GORHAM — A lightly attended meeting Thursday on Maine’s request for a federal permit for a trapping program was an anticlimactic chapter in the long effort.

No more than 20 people turned out at the University of Southern Maine for the third of three public meetings held this week by the U.S. Fish and Wildlife Service on what could be the first such federal permit for a trapping program. Officials and trappers at the meeting said they think the permit might be granted.

“I’m surprised there are not more people, said Mark McCollough,” a Fish and Wildlife Service biologist from Orono. “There were about 36 at the other two meetings (in Orono and Presque Isle), and mostly trappers. Considering there were two lawsuits (against Maine for its trapping program), I thought there would be more people.”

Maine’s Department of Inland Fisheries and Wildlife now is paying hunters and trappers to target coyotes in deer yards to decrease the coyote population enough to help the dwindling deer herd.

The federal government is considering how the special permit could allow Maine’s trapping program to continue at past levels and still protect Canada lynx, an endangered species.

In 2006, a lawsuit against the state prompted restrictions on trapping, including rules that prevent trappers from using foothold traps with jaws larger than 5 and 3/8 inches in diameter.

In 2008, the Department of Inland Fisheries and Wildlife applied for the incidental-take permit to allow the state’s trapping program to continue without restrictions in northern Maine, where lynx live.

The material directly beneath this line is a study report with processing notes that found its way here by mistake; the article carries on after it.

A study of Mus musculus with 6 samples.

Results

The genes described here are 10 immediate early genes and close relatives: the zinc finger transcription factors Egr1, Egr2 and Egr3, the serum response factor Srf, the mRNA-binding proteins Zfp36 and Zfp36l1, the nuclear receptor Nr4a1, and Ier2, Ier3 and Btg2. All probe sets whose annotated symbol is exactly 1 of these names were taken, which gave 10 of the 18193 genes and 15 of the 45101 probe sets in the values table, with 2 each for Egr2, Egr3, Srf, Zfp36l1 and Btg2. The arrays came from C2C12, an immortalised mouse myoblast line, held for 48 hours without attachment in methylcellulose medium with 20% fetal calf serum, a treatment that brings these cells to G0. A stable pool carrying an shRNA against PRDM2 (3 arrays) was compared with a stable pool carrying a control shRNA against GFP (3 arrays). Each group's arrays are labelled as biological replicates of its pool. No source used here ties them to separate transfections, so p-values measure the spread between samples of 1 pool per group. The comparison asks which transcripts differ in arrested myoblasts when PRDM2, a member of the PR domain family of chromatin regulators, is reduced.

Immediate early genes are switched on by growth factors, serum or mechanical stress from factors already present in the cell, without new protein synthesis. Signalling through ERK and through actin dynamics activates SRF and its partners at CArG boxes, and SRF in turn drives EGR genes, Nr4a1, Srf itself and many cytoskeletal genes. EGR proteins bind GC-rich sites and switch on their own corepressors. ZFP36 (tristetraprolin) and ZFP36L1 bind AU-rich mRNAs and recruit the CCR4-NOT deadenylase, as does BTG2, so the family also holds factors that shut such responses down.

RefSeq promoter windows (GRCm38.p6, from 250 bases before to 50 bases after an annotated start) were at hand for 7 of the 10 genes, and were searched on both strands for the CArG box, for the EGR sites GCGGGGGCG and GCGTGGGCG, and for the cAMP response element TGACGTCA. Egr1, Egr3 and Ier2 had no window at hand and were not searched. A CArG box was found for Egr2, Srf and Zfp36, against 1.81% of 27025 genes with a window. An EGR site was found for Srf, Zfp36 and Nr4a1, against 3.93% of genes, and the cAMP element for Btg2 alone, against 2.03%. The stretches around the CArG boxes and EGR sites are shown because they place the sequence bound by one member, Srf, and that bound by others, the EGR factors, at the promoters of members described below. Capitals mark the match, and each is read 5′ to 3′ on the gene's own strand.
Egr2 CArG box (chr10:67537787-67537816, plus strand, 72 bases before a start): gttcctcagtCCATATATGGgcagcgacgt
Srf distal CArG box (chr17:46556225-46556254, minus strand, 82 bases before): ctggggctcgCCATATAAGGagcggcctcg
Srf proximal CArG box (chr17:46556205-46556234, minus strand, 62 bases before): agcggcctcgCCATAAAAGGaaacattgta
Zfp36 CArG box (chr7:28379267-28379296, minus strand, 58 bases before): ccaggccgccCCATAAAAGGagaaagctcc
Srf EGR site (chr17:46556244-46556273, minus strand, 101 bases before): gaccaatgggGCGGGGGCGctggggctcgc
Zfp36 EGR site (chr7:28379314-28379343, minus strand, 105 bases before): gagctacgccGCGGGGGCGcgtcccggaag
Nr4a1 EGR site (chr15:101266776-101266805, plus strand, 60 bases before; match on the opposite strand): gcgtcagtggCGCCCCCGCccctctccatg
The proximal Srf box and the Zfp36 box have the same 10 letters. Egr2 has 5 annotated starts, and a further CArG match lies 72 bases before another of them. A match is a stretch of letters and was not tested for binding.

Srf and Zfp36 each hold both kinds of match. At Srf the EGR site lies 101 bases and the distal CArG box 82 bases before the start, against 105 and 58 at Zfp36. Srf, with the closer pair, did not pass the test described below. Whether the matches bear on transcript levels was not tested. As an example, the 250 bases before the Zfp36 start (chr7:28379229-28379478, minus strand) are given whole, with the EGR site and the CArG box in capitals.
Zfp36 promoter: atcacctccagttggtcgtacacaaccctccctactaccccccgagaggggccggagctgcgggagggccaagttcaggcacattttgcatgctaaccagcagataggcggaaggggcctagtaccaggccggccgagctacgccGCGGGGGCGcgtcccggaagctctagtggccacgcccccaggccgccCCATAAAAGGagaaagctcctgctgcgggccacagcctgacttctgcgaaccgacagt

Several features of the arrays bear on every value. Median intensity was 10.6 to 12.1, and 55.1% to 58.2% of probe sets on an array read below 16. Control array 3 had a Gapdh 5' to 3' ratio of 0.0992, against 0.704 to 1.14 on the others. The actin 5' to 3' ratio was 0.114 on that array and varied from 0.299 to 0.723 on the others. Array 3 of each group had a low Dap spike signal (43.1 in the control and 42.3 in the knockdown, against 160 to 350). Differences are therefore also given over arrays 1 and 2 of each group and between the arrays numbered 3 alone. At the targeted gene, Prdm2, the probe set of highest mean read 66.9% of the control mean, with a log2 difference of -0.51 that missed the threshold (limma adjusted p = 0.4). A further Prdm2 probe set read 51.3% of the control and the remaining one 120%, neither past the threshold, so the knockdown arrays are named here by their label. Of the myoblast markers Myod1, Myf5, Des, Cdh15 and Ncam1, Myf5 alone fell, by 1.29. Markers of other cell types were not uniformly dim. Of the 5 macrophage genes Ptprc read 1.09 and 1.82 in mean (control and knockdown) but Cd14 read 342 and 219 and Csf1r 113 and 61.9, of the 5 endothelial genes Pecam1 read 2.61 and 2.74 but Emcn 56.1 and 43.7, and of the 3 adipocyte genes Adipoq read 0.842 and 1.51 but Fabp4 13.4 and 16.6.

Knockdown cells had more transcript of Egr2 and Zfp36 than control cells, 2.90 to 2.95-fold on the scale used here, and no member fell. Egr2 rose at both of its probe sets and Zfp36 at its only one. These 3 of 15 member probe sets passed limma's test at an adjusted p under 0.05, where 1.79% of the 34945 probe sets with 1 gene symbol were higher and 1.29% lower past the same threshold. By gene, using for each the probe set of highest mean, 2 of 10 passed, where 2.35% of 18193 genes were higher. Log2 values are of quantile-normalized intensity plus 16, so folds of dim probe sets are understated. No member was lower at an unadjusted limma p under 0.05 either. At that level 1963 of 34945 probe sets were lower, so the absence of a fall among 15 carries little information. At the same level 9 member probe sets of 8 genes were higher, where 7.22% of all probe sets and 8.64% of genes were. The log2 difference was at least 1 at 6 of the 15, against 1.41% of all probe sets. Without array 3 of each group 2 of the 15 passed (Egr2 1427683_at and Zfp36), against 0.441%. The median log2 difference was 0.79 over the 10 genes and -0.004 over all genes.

Maine recently submitted its application for the permit, which would allow occasional, incidental trapping of Canada lynx.

“Other trapping states are watching this process closely,” McCollough said.

McCollough told those who showed up Thursday that there has been pressure for the Fish and Wildlife Service to finish the permitting process in Maine.

“There is interest in this permit to (help) trap coyotes or control coyotes in northern Maine. (Gov. Paul LePage) wrote a letter to the service asking to help preserve the northern Maine deer herd, and asked this permitting process get done. And the Maine Legislature drafted a resolve asking that it get done,” McCollough said during a break in the public forum.

Trappers seemed cautiously optimistic as they listened to a panel discussion by state and federal biologists in USM’s Bailey Hall.

The federal permit would protect Maine trappers from being sued for taking lynx in traps if they follow all state and federal trapping laws. The permit would allow for a limited number of lynx to be taken incidentally by Maine trappers. The number is still being determined by the state and federal wildlife agencies.

“I hope they get it. I’m a little skeptical. But I hope so,” said Dave Bridges of Kennebunkport. “I have a camp Down East in the new (regulated trapping) area. I want to be able to trap there.”

McCollough said the pressure from LePage and the Legislature to hurry the process could lead to the permit being issued by the next trapping season, next fall.

“It’s a high priority for our office right now,” said McCollough.